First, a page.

1. JC Russell1,
  2. I Niemann2,3,
  3. NJ Sebire3,
  4. RA Fisher3,
  5. D Short3,
  6. J Everard4,
  7. M Wells4,
  8. PM Savage3,
  9. N Sarwar3,
  10. BW Hancock4,
  11. J Tidy4 and
  12. MJ Seckl3
  1. 1Newnham College, Cambridge University, Cambridge, UK
  2. 2Department of Gynaecology and Obstetrics, University Hospital of Aarhus, Aarhus, Denmark
  3. 3Charing Cross Gestational Trophoblastic Disease Centre, Imperial College NHS Healthcare Trust, London
  4. 4Gestational Trophoblastic Disease Centre, Weston Park Hospital, Sheffield, UK


Introduction/Background Uncertainty remains regarding management of twin pregnancies comprising complete hydatidiform mole (CHM) and healthy co-twin. In 1998, we reported that continuing such pregnancies results in a 38% chance of a healthy baby, no maternal deaths or increased risk of malignancy requiring chemotherapy. However, other studies suggest a higher risk of malignancy and maternal mortality if such pregnancies are not terminated. Here, we re-examine this controversial issue in a new, larger national cohort.

Methodology The UK hydatidiform mole databases were screened to identify all twin pregnancies with central pathology review confirming CHM and normal co-twin between 1998 and 2018. Data on rates of termination, spontaneous miscarriage, pregnancy complications, successful deliveries and need for chemotherapy were collected.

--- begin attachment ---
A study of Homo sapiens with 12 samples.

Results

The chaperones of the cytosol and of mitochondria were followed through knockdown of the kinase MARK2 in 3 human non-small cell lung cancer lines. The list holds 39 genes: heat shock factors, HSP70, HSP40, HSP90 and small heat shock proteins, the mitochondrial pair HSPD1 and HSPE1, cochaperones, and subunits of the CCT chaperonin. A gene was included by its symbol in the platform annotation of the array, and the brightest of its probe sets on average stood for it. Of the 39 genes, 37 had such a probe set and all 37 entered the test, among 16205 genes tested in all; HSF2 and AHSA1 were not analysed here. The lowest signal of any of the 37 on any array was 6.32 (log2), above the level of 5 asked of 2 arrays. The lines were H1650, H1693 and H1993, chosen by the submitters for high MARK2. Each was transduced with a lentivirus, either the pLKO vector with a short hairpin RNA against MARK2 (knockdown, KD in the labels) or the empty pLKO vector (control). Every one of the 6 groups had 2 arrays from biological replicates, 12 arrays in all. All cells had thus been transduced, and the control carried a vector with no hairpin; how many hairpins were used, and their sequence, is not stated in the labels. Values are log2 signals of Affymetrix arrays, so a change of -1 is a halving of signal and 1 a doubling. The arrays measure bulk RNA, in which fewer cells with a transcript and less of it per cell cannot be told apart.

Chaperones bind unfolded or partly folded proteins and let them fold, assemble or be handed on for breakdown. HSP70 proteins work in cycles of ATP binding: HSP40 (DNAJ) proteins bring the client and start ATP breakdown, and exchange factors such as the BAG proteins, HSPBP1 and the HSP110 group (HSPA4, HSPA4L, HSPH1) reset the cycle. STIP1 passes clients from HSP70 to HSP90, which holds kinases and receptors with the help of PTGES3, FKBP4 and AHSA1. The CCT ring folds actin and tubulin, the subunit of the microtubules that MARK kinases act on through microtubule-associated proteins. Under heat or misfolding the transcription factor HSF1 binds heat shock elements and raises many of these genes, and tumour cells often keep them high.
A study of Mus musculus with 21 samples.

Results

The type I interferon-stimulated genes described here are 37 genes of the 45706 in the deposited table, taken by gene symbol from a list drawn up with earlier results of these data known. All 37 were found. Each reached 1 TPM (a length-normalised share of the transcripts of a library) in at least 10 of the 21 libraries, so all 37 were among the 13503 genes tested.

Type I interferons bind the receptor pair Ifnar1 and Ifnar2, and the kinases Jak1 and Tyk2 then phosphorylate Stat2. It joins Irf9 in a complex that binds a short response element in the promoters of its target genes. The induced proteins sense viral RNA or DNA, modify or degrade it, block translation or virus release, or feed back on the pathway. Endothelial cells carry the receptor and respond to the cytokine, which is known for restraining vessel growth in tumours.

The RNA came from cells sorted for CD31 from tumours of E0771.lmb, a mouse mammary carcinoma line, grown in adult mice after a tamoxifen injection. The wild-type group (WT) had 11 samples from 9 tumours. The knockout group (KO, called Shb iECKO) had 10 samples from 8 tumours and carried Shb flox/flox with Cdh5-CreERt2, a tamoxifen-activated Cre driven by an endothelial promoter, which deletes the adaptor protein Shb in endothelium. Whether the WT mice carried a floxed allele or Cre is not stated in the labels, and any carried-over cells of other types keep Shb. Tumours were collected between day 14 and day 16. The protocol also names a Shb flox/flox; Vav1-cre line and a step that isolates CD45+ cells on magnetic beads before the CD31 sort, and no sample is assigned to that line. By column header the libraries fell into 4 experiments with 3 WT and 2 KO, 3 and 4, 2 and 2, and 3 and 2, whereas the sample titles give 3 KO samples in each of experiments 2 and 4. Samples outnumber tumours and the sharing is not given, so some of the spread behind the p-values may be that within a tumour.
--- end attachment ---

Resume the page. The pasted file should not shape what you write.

Results 153 new patients had a confirmed CHM and healthy co-twin. Fifty electively terminated their pregnancy before 14 weeks. 103 continued beyond 14 weeks but 28 subsequently electively terminated, leaving 75 patients who continued their pregnancy. Their outcomes included: 11 terminations <24 weeks for complications (4 pre-eclampsia, 1 intrauterine infection and 6 bleeding); 5 stillbirths (27–35 weeks), 2 neonatal deaths and 19 spontaneous abortions/miscarriages. Strikingly, 51% (38/75) delivered a surviving baby at a median gestational age of 30 weeks (range 24–40 weeks). Malignant change requiring chemotherapy was not significantly different whether pregnancies were terminated within 14 weeks (12/56, 21.4%), continued into the second (12/58, 20.7%) or third trimester (7/39, 17.9%) (p=0.40). However, malignancy risk is higher in twin (20.3%) than singleton (16%) CHM pregnancies. Importantly, there were no maternal deaths.

Conclusion Although malignancy risk is slightly greater following CHM and healthy co-twin than in singleton molar pregnancies, the risk does not increase with progression of pregnancy beyond the first trimester. Early termination is not necessary, and the likelihood of a healthy baby appears to be greater than previously reported.

Disclosure MJS wishes to acknowledge support from the Imperial National Institute for Health Biomedical Research Centre and Cancer Research UK Imperial Experimental Cancer Medicine Centre. NJS is partly supported by an NIHR Senior Investigator award. JCR has nothing to disclose. IN has nothing to disclose. RAF has nothing to disclose. DS has nothing to disclose. JE has nothing to disclose. MW has nothing to disclose. PMS has nothing to disclose. NS has nothing to disclose. BWH has nothing to disclose. JT has nothing to disclose.